Climate

A Brief History Of Canada’s Stunning About-Face on Climate Change

CREDIT: AP Photo/Susan Walsh

U.S. President Barack Obama, right, and Canada’s Prime Minister Justin Trudeau stand up following their bilateral meeting at the Asia-Pacific Economic Cooperation summit in Manila, Philippines, Thursday, Nov. 19, 2015.

Newly elected Canadian Prime Minister Justin Trudeau and President Obama are expected to sign onto a joint climate change strategy during Trudeau’s upcoming visit to Washington. The agreement, to be approved this week, will likely touch on automotive fuel standards and include measures to spur the adoption of electric vehicles.

This is notable for two reasons. First, crude oil is Canada’s largest export, and the United States is Canada’s biggest customer. That Trudeau is working with Obama to cut petroleum consumption on both sides of the border, even as plummeting oil prices spur a downturn in Canada’s economy, is nothing short of remarkable.

Second, a bilateral agreement to cut carbon pollution would almost certainly not have been possible even a year ago. For the last decade, Trudeau’s predecessor, Stephen Harper, undermined climate action seemingly at every turn, genuflecting to Canada’s most powerful and politically influential industry — oil. Since Trudeau’s Liberal Party swept to power in October, Canada has seen a stunning about-face on climate policy.

During his tenure, Harper made no attempts to regulate carbon pollution through cap-and-trade or a carbon tax. He muzzled scientists, cut research funding, targeted environmental groups, and secretly committed government money to advocating for the export of tar sands oil. To environmentalists, Harper was a villain. Climate Action Network Europe ranked Canada among Russia, Iran, and Saudi Arabia in its 2015 Climate Change Performance Index, a rating of countries’ climate policies.

On the international stage, Harper didn’t fare much better. In 2011, Canada became the first signatory of the Kyoto Protocol to formally withdraw from the agreement, pulling out after it became clear it would not meet its carbon-cutting targets. In the lead-up to the Paris Climate Agreement, Canada pledged to limit carbon pollution, but it committed to emissions reductions that were markedly less ambitious than those of the United States or the European Union.

Where Canada has made progress on climate change, it has largely happened at the provincial level. In 2008, British Columbia instated a carbon tax. Last year, Ontario and Quebec began emissions trading with California. And, more recently, historically conservative Alberta passed a carbon tax and set a cap on carbon pollution from oil sands.

Alberta’s climate policy marks a striking reversal for the oil-rich province, and comes in the wake of a historic election. In May, the liberal New Democratic Party of Alberta defeated the ruling conservative party, which had controlled the provincial government for more than four decades. The change of power heralded a new era of climate policy in Canada and the beginning of the end for Stephen Harper.

That Harper ultimately lost his job to Trudeau likely added insult to injury. In 1980, Justin Trudeau’s father, then-Prime Minister Pierre Trudeau, installed an energy program that suppressed the price of oil, dealing a blow to Alberta’s flagship industry. Harper, who was then living in the Western province and working for Imperial Oil, blamed the initiative for thrusting Alberta into recession. According to his biographer, William Johnson, the experience sparked Harper’s political awakening and fueled his contempt for Pierre Trudeau.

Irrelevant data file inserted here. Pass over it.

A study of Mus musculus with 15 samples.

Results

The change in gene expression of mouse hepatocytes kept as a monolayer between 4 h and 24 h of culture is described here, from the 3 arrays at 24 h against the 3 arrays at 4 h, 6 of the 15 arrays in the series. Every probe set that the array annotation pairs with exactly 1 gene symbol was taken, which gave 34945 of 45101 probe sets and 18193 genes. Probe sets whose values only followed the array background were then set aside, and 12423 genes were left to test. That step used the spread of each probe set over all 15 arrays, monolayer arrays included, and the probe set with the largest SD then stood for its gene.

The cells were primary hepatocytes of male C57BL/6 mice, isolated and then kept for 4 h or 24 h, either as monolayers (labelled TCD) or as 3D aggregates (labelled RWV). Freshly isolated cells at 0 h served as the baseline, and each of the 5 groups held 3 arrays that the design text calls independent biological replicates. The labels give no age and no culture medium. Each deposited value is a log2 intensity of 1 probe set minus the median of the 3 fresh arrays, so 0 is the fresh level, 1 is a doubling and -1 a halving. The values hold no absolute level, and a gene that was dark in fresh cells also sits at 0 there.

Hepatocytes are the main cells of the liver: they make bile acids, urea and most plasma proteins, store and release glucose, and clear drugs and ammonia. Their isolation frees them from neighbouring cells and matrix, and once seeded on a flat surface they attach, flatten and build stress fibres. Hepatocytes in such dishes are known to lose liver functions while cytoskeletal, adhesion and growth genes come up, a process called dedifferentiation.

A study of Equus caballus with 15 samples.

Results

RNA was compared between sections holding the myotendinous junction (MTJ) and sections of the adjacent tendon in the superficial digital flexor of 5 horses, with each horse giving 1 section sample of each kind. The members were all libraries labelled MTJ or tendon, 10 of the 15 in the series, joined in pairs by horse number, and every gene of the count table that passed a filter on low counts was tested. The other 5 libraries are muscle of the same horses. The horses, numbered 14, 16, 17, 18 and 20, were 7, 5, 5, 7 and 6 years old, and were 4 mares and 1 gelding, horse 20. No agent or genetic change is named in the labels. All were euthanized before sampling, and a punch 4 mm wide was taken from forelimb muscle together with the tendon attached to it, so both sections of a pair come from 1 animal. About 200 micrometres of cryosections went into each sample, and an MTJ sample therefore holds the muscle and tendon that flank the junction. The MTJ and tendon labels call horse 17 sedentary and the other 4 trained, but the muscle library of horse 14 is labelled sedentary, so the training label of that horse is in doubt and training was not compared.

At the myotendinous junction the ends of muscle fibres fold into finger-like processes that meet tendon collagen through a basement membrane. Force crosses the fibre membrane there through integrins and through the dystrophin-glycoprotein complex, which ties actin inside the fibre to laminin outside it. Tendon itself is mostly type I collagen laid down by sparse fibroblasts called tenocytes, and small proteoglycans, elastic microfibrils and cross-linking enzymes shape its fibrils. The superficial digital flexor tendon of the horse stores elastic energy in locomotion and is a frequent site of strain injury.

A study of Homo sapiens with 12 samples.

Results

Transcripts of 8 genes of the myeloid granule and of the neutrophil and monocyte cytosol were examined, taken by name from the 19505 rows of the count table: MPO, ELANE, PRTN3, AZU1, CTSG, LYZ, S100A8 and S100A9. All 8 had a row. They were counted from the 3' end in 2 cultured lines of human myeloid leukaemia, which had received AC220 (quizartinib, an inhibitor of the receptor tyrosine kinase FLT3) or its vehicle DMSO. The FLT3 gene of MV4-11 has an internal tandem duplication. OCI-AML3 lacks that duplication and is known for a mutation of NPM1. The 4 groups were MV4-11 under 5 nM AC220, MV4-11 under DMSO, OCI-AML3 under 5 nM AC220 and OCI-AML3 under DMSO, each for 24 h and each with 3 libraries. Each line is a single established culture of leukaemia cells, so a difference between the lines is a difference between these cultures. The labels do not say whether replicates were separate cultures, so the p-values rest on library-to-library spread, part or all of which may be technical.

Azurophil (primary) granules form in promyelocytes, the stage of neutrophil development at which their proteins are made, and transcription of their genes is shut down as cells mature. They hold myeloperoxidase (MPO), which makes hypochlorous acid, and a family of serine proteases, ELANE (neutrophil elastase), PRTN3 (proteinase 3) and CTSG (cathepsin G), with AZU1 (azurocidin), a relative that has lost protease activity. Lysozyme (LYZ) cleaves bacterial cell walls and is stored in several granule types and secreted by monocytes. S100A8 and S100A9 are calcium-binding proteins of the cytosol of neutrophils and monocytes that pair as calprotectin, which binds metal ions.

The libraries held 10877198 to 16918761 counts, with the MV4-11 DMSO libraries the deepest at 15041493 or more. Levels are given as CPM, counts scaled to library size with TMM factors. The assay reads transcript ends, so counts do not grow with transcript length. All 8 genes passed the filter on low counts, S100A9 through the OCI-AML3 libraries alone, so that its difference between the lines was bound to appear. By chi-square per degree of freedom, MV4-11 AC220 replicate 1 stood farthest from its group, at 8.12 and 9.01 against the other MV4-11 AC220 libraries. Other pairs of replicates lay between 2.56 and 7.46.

Now, after ten years at the helm, Harper must watch the younger Trudeau dismantle his pro-oil agenda. As a candidate, Justin Trudeau promised to end subsidies for fossil fuel companies and invest in clean energy technology. As Prime Minister, he attended the Paris climate negotiations and, more recently, he proposed a federal minimum carbon price as part of a national climate change plan.

While Trudeau publicly defended Keystone XL, he criticized Harper for his preoccupation with the pipeline. Obama’s rejection of Keystone XL may have come as something of as blessing for the new prime minister, allowing him to abandon his half-hearted support of the project and focus on his climate agenda. Since taking office, Trudeau has proposed expanding the environmental review process for oil and gas pipelines.

While Canadian-U.S. relations were strained under Harper, owing in part to the battle of Keystone XL, President Obama says he now sees Canada as a “strong partner” on climate.

“Things are happening in a way we haven’t seen in a decade,” Erin Flanagan, Director of Federal Policy at the Pembina Institute, told ThinkProgress last week. “The two administrations are quite aligned on what they want to see happen.”

As the United States and Canada work to meet their commitments under the Paris Accord, they may find ample room for cooperation on climate and energy — cutting black carbon pollution in the Arctic and fostering the spread of clean energy. The forthcoming agreement on represents just one possible point of collaboration.

“To fight climate change, we’re all on this together,” tweeted Trudeau at the Paris climate negotiations. “Canada is back.”

Jeremy Deaton writes about the science, policy, and politics of climate and energy for Nexus Media. You can follow him at @deaton_jeremy. Mina Lee is a media fellow at Climate Nexus.